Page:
Getting the truth ‘more important’ to victims

A Derry victim of institutional abuse has said getting to the truth is more important than holding a quick-fix inquiry.

Jon McCourt, of the Survivors and Victims of Institutional Abuse group, made the comment after First Minister Peter Robinson confirmed that an inquiry into institutional child abuse in the North could take up to two years to establish.

The delay has come about because current legislation for a statutory investigation limits the time period to between 1973 and 1989.

Mr Robinson said any attempt to widen the timeframe with new legislation could take between 18 months and two years. He said there was a possibility of combining some statutory and non-statutory elements in an inquiry.

“If we take the statutory route, the only statutory provision available for us at the present time would limit the period of an inquiry to between 1973 and 1989 and I do not think that is going to assist victims,” he added.

Mr McCourt said he felt that getting the inquiry right was “more important than getting it now”.

“We have been involved in a range of discussions and spoken with scores of people who spent quite a lot of time in institutions and with all of them the one thing they are looking for is justice, the other is acknowledgement and the other is their truth being heard,” he said.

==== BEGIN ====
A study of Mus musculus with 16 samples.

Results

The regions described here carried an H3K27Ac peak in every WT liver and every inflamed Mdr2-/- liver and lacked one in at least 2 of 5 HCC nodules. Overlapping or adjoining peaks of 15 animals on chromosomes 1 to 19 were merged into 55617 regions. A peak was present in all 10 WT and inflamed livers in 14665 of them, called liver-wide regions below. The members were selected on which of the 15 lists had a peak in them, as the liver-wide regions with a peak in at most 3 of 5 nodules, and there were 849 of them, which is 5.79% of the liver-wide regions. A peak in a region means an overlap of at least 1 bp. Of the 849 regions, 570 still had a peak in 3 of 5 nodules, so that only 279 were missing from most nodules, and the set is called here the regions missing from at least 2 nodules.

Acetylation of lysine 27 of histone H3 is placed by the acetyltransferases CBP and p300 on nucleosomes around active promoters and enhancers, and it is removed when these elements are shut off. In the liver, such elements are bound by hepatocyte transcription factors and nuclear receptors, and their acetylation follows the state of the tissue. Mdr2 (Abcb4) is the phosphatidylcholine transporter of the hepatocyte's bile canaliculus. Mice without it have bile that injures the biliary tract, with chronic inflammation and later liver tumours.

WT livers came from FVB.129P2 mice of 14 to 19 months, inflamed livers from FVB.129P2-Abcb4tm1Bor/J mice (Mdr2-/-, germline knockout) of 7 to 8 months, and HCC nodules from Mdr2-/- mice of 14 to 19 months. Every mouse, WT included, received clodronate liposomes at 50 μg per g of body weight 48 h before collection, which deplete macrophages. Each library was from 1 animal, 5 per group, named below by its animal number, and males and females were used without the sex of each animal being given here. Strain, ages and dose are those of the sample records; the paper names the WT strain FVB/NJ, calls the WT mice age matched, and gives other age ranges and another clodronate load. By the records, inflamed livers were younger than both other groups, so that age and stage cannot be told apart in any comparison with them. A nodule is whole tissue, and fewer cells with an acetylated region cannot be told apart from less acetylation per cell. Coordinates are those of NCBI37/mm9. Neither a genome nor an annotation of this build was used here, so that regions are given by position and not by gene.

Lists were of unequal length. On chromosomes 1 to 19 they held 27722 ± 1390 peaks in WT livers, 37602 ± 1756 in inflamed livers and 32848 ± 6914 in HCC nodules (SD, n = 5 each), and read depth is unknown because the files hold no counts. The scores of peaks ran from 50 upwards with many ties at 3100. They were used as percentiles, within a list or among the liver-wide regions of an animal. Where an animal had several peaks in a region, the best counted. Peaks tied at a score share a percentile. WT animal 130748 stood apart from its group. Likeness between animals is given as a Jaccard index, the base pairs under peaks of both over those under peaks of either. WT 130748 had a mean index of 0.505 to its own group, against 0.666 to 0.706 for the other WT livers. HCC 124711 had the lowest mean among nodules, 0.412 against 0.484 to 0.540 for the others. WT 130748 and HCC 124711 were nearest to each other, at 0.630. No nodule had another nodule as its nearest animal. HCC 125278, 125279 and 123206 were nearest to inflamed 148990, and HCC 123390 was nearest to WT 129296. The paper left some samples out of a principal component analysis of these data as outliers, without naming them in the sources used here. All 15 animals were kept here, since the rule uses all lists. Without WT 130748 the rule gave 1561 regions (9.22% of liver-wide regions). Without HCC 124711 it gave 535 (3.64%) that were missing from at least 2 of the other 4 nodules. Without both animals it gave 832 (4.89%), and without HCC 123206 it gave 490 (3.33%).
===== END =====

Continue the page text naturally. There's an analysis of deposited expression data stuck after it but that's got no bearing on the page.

“But that is not going to happen quickly and it is not going to happen under a non-statutory inquiry.

“A statutory inquiry will bring with it the powers to compel the evidence, to compel records - anything out there that relates to the abuse and the system of abuse that went on within institutions.

“We need to be able to bring people forward that have the evidence and documentation and that won’t happen if it is a non-statutory inquiry,” said the former ‘homeboy’ from Sisters of Nazareth children’s home at Termonbacca.

In 2009, Stormont assembly members backed the holding of an inquiry into the extent of child abuse in Catholic church and state-run institutions in the North. It followed the damning Ryan Report in the Republic of Ireland which uncovered decades of endemic abuse in some religious institutions.

The Stormont executive announced in December it would hold the inquiry. A taskforce is currently considering the potential remit of the inquiry.